I’ve just been reading a new discussion paper commissioned by Arnolfini and Turning Point South West on audience experience of the arts. Researched and written by arts consultants Annabel Jackson Associates, this sets out a potential new model for understanding the “dimensions and determinants” of the quality of experience of the arts. In devising this model Jackson has drawn from her own earlier work on visual arts exhibition evaluation, but also more broadly from concepts of ‘experience quality’ within the museums, tourism and business sectors. The intention is to develop a model that can be applied across all art forms, not just the visual arts, and interestingly for my own research also for “incidental encounters with public art and street art”.
How might this model work within a public art context? Which of these characteristics or determinants might have most bearing on the experience of a public art ‘encounter’? And are there other ‘public art’-specific determinants that should be added to this? My first thoughts are that environment and context, external events and personal awareness would be heightened elements within an arts experience which is so enmeshed within everyday public life, rather than being necessarily framed as an ‘arts experience’.
Visual Arts South West have an open call out (closes end of September) for arts organisations to partner them in developing and testing this experience evaluation model, so it will be interesting to see how this work progresses, and if anyone from the public art sector takes this up.
Source: Jackson, A (2012) Quality of experience in the arts: a discussion paper. Annabel Jackson Associates Ltd. [Accessed 10.09.12]
Last week I spent some time ‘visiting’ ‘Spiral Nebula’. This is a 1962 work by British sculptor Geoffrey Clarke.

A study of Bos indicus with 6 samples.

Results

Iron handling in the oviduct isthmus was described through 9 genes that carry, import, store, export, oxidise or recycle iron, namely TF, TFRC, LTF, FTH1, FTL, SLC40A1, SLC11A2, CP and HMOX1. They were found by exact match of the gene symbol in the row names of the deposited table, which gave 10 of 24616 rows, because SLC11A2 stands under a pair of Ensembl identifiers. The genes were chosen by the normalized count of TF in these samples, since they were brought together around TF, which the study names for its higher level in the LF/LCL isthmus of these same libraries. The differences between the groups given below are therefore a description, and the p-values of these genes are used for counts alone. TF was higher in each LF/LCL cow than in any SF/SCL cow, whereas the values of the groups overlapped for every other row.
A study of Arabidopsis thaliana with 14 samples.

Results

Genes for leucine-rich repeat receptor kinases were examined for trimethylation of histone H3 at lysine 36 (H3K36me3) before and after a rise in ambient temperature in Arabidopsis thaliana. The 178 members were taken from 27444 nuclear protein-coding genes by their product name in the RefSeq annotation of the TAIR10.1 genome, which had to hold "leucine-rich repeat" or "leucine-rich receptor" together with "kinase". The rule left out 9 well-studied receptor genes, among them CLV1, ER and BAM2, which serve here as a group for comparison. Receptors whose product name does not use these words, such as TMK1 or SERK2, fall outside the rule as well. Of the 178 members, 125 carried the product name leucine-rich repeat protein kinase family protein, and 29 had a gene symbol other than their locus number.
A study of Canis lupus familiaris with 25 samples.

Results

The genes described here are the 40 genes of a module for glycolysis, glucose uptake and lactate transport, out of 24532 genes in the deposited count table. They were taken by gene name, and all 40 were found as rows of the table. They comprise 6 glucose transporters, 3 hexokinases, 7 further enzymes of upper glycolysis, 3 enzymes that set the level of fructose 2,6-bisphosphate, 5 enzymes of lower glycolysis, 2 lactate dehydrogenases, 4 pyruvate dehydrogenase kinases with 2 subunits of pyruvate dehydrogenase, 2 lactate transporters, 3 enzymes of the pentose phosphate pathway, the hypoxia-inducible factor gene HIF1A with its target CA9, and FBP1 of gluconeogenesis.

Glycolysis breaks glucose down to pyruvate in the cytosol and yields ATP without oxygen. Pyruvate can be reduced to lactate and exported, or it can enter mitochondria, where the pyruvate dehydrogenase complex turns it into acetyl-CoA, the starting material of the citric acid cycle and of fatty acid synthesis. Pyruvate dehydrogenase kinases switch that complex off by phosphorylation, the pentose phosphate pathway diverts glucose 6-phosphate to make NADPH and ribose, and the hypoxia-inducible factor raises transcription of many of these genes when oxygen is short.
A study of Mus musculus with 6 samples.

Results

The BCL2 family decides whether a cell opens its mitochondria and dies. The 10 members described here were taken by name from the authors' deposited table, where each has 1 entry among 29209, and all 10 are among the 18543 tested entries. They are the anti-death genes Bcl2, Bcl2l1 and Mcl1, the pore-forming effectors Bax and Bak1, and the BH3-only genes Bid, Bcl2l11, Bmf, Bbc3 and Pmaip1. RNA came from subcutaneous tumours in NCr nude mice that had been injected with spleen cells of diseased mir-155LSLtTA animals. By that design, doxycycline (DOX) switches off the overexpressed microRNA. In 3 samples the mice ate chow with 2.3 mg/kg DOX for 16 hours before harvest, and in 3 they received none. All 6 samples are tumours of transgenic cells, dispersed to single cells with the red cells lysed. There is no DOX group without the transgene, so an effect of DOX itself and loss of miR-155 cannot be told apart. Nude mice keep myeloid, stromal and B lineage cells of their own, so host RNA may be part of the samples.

You can just about glimpse this work from Haymarket, if you know where to look, otherwise you really need to seek it out. It’s currently located in a small and very well worn ‘square’ outside Newcastle University’s Herschel Building / at the end of Herschel Walk. Over the years the sculpture has become very dilapidated, almost in places like its material is falling apart. Pigeons have begun to use it as a nesting box (there are twigs sticking out of the gaps between the metal) and the surface is streaked with bird droppings. As I sit on a bench opposite the work, a pigeon flies into the centre of the sculpture and starts to scuffle and tap around inside the hollow of the ‘spiral’. It has the appearance and feel of a ‘forgotten’ work.
Visiting the University website however I learn that rather than being decomissioned (or ‘retired’) ‘Spiral Nebula’, is about to be reclaimed and restored as part of the University’s public realm improvement works. It will be interesting to see what difference this makes to the audience reception / viewing of this work. How far will this planned restoration serve to renew public visibility and audience interest in the work as well as materially preserve it? (What might such ‘restoration’ add to the public art ‘rotate or retire’ debate?) Is this part of a new self-concious (?) ‘collection’ approach being taken by the University in relation to its own public artworks (note also the re-siting of Joe Hillier’s Generation sculpture, originally commissioned for One NorthEast’s Newburn Riverside offices, to form the centrepiece of the new Student Forum space)? I wonder too if this is also part of, or perhaps a reaction to, a reported new interest in the previously overlooked but now increasingly ‘collectable’ British sculptors of the 1950’s?
Notes and links:
For more on the ‘Rotate or Retire’ debate visit Suzanne Heath’s Public Art Network 22 August blog post.
Geoffrey Clarke‘s work is included in the Arts Council England, Tate and V&A collections. In the same year as ‘Spiral Nebula’ was installed (1962) Clarke also completed three prestigious stained glass windows for the consecration of Coventry Cathedral, commissioned when he was still a student at the Royal College of Art. He also designed the ceremonial entrance hall for Newcastle Civic Centre which was officially opened in 1968.
Needham, Alex (2012), ‘Exhibitions spike interest in postwar British sculpture’, The Guardian, 11 January 2012.